Thursday, June 9, 2011

Didjutal Comiks: IRON MAN #284

Digital comics are the future of comics, so says everyone on the Internet and everyone trying to justify their purchase of an iPad and leveraging that into a desperate attempt to generate content for their blogs and stuff. It is in this spirit that the management at Witless Prattle continues the following, exciting, weirdly specific and slightly iconoclastic feature.

Iron Man #284
September 1992

"Legacy of Iron"

Writer: Len Kaminski
Artists: Kevin Hopgood (pencils) Andrew Pepoy (inks)

Tony Stark's dead (in case the cover with him lying in a coffin with the words "THE DEATH OF ANTHONY STARK" in big letters on the cover) and the media are having a field day with it, even suggesting he died of The Aids, and assertion which causes Jim Rhodes to destroy another television (seriously, I think he does this a lot) partly because they're full of shit and partly because he's pissed at Stark for dying on him.

Thanks to the miracle of the round-panel flashback, we're given the scoop on how Stark died on the table and how Abe Zimmer was gonna collect the body and all that. Kaminski gets mad points for me for having the guy say to Rhodes "He's dead, Jim," because even at this date, comic book death was beyond a joke, so nuts to notions like gravitas.

News spreads fast and we get a montage of Bethany Cabe shedding a tear, the Avengers flying their flag at half staff, Happy Hogan and Pepper Potts being shattered by the news, the West Coast Avengers looking concerned, Kathy Dare completely bent about it (she kinda thought she'd be the one to do it and did in fact try) the new Spymaster readying himself to take advantage of that, and even Doctor Doom toasting to Stark's memory.

Back to the sharp corners, which means we're living in the present tense. Felix Alvarez shows up at Rhodes' door and gives him a CD-ROM (ah, 1992) and an access card to be played in Stark's office. Rhodes plays the message and Stark says that while he's dead there's plenty of unfinished business that needs to be taken care of. Rhodes was promoted to CEO before Stark's death, so that's half-taken care of, but there's more.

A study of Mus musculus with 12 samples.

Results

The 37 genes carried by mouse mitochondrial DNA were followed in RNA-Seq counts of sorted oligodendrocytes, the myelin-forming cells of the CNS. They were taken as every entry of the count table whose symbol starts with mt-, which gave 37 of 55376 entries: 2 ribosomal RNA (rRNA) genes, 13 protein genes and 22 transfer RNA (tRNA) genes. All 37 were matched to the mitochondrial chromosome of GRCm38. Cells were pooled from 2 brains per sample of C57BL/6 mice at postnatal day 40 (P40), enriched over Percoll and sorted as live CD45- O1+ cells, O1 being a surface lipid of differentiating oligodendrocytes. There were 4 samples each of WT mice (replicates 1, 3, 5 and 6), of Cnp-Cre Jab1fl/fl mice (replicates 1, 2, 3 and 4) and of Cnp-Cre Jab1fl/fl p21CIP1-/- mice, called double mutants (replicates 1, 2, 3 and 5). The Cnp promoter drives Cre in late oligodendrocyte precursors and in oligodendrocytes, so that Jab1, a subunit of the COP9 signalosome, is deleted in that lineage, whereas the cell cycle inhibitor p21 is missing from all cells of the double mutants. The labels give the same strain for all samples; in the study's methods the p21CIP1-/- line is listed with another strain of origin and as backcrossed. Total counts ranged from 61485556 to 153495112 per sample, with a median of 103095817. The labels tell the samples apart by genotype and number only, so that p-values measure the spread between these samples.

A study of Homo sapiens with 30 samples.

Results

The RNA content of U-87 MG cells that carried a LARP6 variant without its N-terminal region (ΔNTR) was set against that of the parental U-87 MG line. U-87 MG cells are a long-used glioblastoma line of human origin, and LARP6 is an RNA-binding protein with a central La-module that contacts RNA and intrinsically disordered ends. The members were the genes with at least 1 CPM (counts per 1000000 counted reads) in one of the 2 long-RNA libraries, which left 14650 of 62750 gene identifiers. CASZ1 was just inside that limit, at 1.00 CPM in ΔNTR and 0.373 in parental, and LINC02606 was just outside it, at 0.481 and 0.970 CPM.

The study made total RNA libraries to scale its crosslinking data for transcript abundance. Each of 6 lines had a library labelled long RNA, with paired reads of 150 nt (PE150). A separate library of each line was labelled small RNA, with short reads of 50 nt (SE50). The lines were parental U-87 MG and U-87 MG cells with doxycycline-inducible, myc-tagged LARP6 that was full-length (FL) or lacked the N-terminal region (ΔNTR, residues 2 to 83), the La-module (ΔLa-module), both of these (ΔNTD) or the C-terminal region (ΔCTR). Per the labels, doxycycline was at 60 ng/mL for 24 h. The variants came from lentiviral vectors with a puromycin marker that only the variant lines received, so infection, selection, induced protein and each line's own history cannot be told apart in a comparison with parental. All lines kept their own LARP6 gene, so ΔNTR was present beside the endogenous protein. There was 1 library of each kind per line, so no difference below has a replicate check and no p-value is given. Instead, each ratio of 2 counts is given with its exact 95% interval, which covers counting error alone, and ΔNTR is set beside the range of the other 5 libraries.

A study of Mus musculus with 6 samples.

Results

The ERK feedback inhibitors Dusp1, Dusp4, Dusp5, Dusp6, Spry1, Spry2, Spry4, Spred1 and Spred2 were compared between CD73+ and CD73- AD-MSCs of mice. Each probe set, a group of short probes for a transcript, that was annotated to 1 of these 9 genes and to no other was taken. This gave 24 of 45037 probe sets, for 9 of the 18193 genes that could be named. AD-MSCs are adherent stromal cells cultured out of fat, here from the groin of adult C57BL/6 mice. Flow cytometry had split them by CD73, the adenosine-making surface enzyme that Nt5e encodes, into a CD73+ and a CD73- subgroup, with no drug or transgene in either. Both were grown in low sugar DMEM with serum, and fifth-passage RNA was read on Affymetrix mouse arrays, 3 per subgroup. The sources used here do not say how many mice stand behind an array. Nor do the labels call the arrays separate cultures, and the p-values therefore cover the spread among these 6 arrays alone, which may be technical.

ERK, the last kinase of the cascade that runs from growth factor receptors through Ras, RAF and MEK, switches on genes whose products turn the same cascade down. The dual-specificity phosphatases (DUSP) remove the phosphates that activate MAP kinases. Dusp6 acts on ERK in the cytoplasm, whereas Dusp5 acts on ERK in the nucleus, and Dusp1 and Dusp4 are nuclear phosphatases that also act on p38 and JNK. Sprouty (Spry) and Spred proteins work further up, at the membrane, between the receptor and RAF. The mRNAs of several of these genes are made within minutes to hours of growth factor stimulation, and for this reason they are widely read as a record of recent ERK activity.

And that's when Rhodes new Iron Man suit is rolled out. Rhodes reacts about like you'd expect--really pissed off--and curses Stark for putting him in this position. Marcy Pearson comes in and gets all pissy because she was next in line to be CEO before Stark appointed Rhodes to the position. Trading on their former romantic history, Pearson tells him to say he's not qualified for the job. If he should take the job anyway, they're through.

Rhodes decides to sleep on it and has a nightmare about Iron Man's enemies rampaging through the city and talking alternately like Conan (the barbarian, not O'Brien) and generic villains with no one to save them. Wracked by the guilt of what could happen by him giving up Rhodes takes the armour and the position, and fires Pearson.

While this is going on, they've managed to freeze Stark's body in a cryogenic chamber while they work out how to bring him back. This will figure in later on (about #290) but for now we end on this cliffhanger.

This is a pretty good issue, all told. I thought, even though Kaminski's portrayal of Rhodes sometimes lapsed into "generic angry black dude" territory, but more often than not he would give Rhodes a more nuanced characterisation of a person occasionally ruled by his temper, but most of all willing to break some stuff in the name of doing right. These next six issues featuring him as Iron Man are pretty good, frankly, and this whole build to 300, some obvious filler moments aside, is pretty awesome.

I also like how Kaminski is willing to play with the notion of comic book death. John Byrne had left him no easy way to back out of Stark's imminent death without it looking like a cheat, so he took it head on and let Stark "die" for six issues and sorted it out that way. While ultimately he resurrected Stark, the notion that Stark was gonna die at all was pretty unlikely, so he decides to have fun with it. Morbid as it sounds, when comic book death has been so devalued in point of impact you either kill too many people, kill no one, or make sport of it, and Kaminski's willing to make sport of it.